Low Birthweight in Newborns | Symptoms and Causes

What causes low birthweight?

The primary cause is premature birth, being born before 37 weeks gestation; a baby born early has less time in the mother's uterus to grow and gain weight, and much of a fetus's weight is gained during the latter part of the mother's pregnancy.

Another cause of low birthweight is intrauterine growth restriction. This occurs when a baby does not grow well in utero because of problems with the placenta, the mother's health or birth defects. Babies with Intrauterine growth restriction (IUGR) may be born early or full-term; premature babies with IUGR may be very small and physically immature, and full-term babies with IUGR may be physically mature but weak.

Any baby born prematurely is more likely to be small. However, there are other factors that can also contribute to the risk of low birthweight. These include:

  • Race - African-American babies are twice as likely as Caucasian babies to have low birthweight.
  • Mother's age - Teen mothers (especially those younger than 15) have a much higher risk of having a baby with low birthweight.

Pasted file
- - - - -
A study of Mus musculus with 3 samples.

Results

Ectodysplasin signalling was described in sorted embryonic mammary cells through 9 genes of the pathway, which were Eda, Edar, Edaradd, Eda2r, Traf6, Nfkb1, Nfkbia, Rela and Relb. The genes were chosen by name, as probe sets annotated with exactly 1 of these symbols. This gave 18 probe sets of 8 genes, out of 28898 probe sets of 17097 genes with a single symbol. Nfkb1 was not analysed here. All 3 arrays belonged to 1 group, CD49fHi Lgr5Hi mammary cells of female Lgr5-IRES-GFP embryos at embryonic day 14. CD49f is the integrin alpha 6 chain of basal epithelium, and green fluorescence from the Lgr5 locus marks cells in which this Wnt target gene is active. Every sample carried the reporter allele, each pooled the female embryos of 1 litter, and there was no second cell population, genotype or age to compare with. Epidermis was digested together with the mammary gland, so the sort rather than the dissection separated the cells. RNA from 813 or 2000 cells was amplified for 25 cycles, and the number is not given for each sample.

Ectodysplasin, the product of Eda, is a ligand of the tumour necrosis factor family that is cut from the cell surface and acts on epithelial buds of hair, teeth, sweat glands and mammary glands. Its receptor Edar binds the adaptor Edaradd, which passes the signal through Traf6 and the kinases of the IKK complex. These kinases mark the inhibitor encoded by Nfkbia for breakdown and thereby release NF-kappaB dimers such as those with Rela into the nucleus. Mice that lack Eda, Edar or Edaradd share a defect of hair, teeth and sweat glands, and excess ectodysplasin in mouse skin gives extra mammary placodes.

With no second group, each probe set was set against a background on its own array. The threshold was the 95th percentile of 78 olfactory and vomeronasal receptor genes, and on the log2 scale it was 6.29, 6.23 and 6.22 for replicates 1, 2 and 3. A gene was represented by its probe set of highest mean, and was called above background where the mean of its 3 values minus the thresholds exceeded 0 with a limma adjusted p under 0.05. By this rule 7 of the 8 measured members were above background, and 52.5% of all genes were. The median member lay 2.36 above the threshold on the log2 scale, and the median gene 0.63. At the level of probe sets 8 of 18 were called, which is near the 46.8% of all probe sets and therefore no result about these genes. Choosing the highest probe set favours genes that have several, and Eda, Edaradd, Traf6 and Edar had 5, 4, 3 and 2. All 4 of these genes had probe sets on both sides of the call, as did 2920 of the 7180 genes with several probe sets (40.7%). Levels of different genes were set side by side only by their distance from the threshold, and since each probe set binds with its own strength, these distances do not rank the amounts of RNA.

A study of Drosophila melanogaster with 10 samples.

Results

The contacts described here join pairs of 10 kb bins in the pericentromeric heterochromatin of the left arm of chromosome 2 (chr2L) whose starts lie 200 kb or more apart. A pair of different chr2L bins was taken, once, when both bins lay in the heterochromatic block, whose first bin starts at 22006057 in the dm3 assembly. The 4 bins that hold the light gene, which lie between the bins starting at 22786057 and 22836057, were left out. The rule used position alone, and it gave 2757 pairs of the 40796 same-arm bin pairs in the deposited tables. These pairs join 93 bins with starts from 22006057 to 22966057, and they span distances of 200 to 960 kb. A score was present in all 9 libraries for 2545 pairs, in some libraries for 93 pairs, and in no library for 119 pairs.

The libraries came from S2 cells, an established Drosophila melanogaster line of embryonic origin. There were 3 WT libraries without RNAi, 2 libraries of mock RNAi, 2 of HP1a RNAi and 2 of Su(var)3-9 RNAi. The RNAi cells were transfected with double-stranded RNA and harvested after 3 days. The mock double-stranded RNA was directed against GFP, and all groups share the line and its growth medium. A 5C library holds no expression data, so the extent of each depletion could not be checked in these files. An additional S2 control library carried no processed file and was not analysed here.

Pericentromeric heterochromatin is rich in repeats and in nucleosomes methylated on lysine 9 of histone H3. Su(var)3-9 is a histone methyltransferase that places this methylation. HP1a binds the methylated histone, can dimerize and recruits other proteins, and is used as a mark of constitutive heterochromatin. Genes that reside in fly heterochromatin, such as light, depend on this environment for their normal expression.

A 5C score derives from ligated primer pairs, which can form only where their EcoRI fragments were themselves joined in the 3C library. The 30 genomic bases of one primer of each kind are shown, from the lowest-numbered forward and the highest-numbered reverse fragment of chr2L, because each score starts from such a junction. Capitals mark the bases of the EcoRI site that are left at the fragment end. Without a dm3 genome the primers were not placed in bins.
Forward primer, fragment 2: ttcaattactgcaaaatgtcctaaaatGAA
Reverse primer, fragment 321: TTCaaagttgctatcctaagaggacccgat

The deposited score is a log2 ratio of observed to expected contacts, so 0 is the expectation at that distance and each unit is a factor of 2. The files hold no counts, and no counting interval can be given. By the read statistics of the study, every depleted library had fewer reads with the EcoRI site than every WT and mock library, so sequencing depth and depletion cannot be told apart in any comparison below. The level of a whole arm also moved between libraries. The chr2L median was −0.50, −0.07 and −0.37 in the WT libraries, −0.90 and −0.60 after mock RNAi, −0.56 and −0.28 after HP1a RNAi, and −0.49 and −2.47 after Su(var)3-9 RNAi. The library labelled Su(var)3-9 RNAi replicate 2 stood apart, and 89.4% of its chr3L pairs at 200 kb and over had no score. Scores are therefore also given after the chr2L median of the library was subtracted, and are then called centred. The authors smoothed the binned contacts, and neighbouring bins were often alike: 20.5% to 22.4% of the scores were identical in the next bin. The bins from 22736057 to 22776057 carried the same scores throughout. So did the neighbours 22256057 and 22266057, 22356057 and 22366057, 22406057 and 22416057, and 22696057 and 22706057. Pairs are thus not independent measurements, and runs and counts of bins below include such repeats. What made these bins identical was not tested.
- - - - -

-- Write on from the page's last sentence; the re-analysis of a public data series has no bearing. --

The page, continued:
• Multiple birth - Multiple birth babies are at increased risk of low birthweight because they often are premature.
  • Mother's health - Babies of mothers who are exposed to illicit drugs, alcohol and cigarettes are more likely to have low birthweight. Mothers of lower socioeconomic status are also more likely to have poorer pregnancy nutrition, inadequate prenatal care, and pregnancy complications — all factors that can contribute to low birthweight.

Nearly all low birthweight babies need specialized care in the Neonatal Intensive Care Unit (NICU) until they gain weight and are well enough to go home. Fortunately, there is a 95 percent chance of survival for babies weighing between 3 pounds, 5 ounces and 5 pounds, 8 ounces.

Can low birthweight be prevented?

Prevention of preterm births is one of the best ways to prevent babies born with low birthweight. Prenatal care is a key factor in preventing preterm births and low birthweight babies.

At prenatal visits, the health of both mother and fetus can be checked. Because maternal nutrition and weight gain are linked with fetal weight gain and birthweight, eating a healthy diet and gaining the proper amount of weight in pregnancy are essential. Mothers should avoid alcohol, cigarettes and illicit drugs, which can contribute to poor fetal growth, among other complications.